Monday, 30th October 2017


Ahmedabad college principal protests Jignesh Mevani ban

By Pheroze L. Vincent in New Delhi
  • Published 12.02.19, 3:40 AM
  • Updated 12.02.19, 8:36 AM
  • 2 mins read

A college principal in Ahmedabad has resigned in protest after the trustees forced the cancellation of the institution’s annual day function following opposition from “BJP goons” to Ambedkarite MLA Jignesh Mevani being invited as the chief guest.

Economics professor Hemant Shah, who sent his resignation as principal of the Shri Harivallabhdas Kalidas Arts College to the Brahmchari Wadi Trust on Monday, said the trustees had succumbed to “pressure from so-called student leaders of Gujarat University”.

Mevani, a former student of the college, tweeted: “Because of threat calls made by BJP goons, trustees of HK Arts College, Ahmedabad (which) I graduated from cancelled the annual function where I was invited as chief guest.”

He added: “Was going to talk about life and mission of Babasaheb (Ambedkar). Salute to principal Hemant Shah who resigned on moral ground.”

Shah quit his post a day after the trust, of the 171-year-old Gujarat Vidyasabha which promotes Gujarati literature and education, denied the use of its 750-seat auditorium for the college’s annual day event.

“I feel that it is Jignesh Mevani’s right to speak before the audience of my college. If freedom of expression is not guaranteed, and if the trust is under pressure from so-called student leaders of Gujarat University, then what is the use of a democratic set-up?” Shah told The Telegraph.

“I felt it was my duty to tell people that this should not be the course of action by the trust. The trustees should’ve supported me. They did not and this annoyed me.”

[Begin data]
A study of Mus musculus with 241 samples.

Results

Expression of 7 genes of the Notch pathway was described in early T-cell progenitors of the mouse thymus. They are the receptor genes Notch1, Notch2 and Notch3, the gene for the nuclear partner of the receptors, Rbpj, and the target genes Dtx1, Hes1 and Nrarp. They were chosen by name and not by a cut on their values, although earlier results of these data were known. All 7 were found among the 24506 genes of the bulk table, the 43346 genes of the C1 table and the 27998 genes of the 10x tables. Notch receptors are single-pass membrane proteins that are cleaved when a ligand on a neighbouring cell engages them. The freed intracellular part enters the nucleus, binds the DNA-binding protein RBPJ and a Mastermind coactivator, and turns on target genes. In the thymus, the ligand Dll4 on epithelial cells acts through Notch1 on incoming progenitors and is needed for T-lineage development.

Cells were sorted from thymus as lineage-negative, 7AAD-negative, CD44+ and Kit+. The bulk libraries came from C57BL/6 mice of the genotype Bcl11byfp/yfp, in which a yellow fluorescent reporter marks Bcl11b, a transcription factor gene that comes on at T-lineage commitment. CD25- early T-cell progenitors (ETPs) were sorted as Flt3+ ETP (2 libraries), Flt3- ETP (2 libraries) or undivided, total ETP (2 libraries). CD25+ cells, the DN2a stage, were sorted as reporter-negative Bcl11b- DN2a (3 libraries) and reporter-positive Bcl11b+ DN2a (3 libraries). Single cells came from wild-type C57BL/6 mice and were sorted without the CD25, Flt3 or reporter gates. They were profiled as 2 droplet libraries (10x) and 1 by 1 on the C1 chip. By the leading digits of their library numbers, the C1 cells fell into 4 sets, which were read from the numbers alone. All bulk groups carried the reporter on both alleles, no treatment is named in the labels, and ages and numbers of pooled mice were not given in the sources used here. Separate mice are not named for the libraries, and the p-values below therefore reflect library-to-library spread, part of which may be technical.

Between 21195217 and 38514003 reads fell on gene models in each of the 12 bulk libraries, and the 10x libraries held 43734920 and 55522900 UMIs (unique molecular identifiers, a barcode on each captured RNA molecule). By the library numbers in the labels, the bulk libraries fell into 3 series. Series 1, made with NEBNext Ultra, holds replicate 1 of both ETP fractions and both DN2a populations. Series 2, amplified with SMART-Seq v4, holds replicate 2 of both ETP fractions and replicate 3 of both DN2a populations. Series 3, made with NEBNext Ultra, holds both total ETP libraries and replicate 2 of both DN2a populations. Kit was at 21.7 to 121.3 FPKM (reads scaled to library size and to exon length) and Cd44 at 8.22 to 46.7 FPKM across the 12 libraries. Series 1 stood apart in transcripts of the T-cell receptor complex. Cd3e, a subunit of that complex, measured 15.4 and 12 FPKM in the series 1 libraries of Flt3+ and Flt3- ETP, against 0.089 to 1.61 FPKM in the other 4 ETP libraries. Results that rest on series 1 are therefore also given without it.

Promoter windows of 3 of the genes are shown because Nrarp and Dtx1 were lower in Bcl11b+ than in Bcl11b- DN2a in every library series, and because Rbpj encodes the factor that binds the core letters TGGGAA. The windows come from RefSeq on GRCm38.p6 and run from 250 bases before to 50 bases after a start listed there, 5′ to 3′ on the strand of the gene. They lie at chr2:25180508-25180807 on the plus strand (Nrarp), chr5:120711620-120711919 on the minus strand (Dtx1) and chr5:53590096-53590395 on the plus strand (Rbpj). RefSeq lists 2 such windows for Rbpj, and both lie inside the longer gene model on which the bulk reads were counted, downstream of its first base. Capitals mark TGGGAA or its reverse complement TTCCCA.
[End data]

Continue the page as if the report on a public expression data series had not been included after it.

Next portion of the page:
He said he had invited Mevani, an independent MLA who champions Dalit and labour rights, more than a fortnight ago.

“The reason they gave is the ‘present political scenario’. Even I got a call from a pro-BJP student leader saying they wouldn’t allow Jignesh (at the event), and if he came there would be ‘100 per cent disruption’,” he said.

“The trustees too told me of this pressure. The vice-principal and I told them we were ready to hold the event, but they refused.”

Shah declined to name the student leader who had called him.

Defending the decision to invite a politician like Mevani, he said senior BJP leaders, including Narendra Modi when he was Gujarat chief minister, had addressed students at the college’s events.

Shah said the trustees had met and requested him to reconsider his resignation, and he had “agreed to think about it”.

The trustees, who include Padma Shri awardees such as architect B.V. Doshi — the Gujarat Vidyasabha president — and author Kumarpal Desai, could not be reached for comment.

Mevani, who belongs to the 2003 BA English batch, said: “My pro-poor conscience got an ideological foundation in this college…. It is an extremely pro-working-class space, and the plays I watched here and participated in as a student have made me what I am.”

He regretted that Gujarat’s civil society had largely been silent over the development at one of the state’s best-known liberal arts colleges.

“I’m still ready to go if the trustees agree. We cannot bow down to threats,” he said.

In a tweet, Mevani accused the trustees of “not standing up against the hooliganism of the BJP and its student wing”.

“This is a shameful day for freedom of speech and democracy,” he said. “Since Narendra Modi became Prime Minister, many people have become spineless.”

News agency PTI quoted Shah as saying: “It is clear that freedom of thought and expression… are being stifled in the current political scenario, and this is being patronised politically.”